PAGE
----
Mechanical Layout of the Indexing Table 


The cam motionlaw is ModSine, 180º index period, and runs at 150RPM. The cycle time is 0.4s with 0.2s motion and 0.2s dwell. We can assume the camshaft runs at constant angular velocity. There is an estimated overall Friction Torque of 2.0Nm in the output transmission referred to the indexer turret. The maximum backlash permitted in the cam track, when manufactured is 0.04mm. The backlash in the gears can wear to 0.1mm before adjustment or replacement. Mass and Inertia of Components
The mass and inertia of each component are calculated as shown in the table above. The final inertia (Combined Total) total in the above table takes into account the gear ratio. The inertia of the slowspeed assembly is reduced by the square of the gear ratio when referred to the indexer turret shaft. ...an illustration of the benefits of a speed reduction! Assessment of Dynamic System.To assess the dynamic response, we estimate the natural vibration frequency of the system, and from that, the PeriodRatio. The gears have a significant mass and inertia in an intermediate position in the transmission, which means that the system will not vibrate with a single, simple frequency, as required by the foregoing dynamic response theory! However, the high inertia of the table and work stations imposes a dominant frequency which gives a good approximation to the theoretical model: this is nearly always the case in practice. But, be aware. RigidityEquations to use : ; Turret Shaft Torsional Rigidity
Second moment of area of shaft is: Thus: Main Shaft Bending Stiffness is: Its equivalent Torsional Rigidity is: Indexer High Speed Shaft Torsional Rigidity Turret Bending Stiffness is: Its equivalent Torsional Rigidity is: The combined rigidity, referred to the indexer turret: [Note that the bending stiffness is so high it could have been ignored]. Approximate Natural FrequencyNatural Period = 1/f = 0.0321 seconds PeriodRatioThe motion period is 0.2 seconds. The PeriodRatio is: n = Motion Period / Natural Period = T / [1/f] = f × T n = 31.17 × 0.2 = 6.234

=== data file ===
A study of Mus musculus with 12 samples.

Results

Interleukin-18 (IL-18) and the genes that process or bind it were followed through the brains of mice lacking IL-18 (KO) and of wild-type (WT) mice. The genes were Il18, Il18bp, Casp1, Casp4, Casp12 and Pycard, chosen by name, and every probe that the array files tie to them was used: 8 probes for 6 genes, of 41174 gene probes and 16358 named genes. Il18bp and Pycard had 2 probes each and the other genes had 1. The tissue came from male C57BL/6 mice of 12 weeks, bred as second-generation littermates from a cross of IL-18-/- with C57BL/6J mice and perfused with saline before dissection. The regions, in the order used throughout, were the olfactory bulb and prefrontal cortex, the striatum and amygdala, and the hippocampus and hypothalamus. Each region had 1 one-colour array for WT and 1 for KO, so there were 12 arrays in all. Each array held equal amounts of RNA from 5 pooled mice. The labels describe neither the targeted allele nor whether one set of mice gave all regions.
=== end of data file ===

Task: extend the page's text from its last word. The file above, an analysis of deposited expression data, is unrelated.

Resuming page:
Nominal Peak Inertia TorqueThe total inertia referred to the indexer is Peak Angular Acceleration: The output stroke of the indexer is: Index Period of the Indexer is: The Coefficient of Acceleration of the ModSine is: Nominal Peak Acceleration is: Peak Inertia Torque after TorqueFactorTorqueFactor We can use this equation to find the TorsionFactor ; The Parameters for the ModSine MotionLaw are: ; ; The PeriodRatio, n. is 6.34 Using the parameters, the TorsionFactor is We must increase the Nominal Peak Inertia Torque by the TorsionFactor: Add Friction TorqueWe must add the Friction Torque for the mechanism, ignoring the backlash impact effect. Include BacklashWe must consider the impact shock load after the transition of backlash... Total Backlash, expressed as an angle (radians), at the Indexer Turret. Gear Teeth, 0.1mm, @ 64mm radius: Indexer Turret, 0.04mm @ 97.4mm radius: Total Backlash The normalized backlash [backlash against angular stroke] Deceleration The natural deceleration of the system due to the deceleration torque on the payload during 'FreeFlight' is: Normalized Deceleration is: This is quite low and can be taken as Zero! Normalized Impact VelocityWith a Normalized Backlash of 0.00251 and Normalized Deceleration of 0.0, then: Normalized Impact Velocity: Real Impact Velocity: Peak Shock TorqueThe Peak Shock Torque on the Turret is: At 40% of the Peak Inertia Torque without Backlash, this is a significant load, and should not be ignored in the design of the mechanism. A safe way of taking it into account is simply to add it to the peak vibration torque (this assumes the two peak torques occur at exactly the same point in the motion, which is quite possible): Peak Torque at Output Shaft.Add the Peak Shock Torque to the Vibration Torque Although it could be argued that this is too pessimistic, it does illustrate that to design the mechanism on the basis of the Nominal Dynamic Torque of 78.41Nm would be underestimated!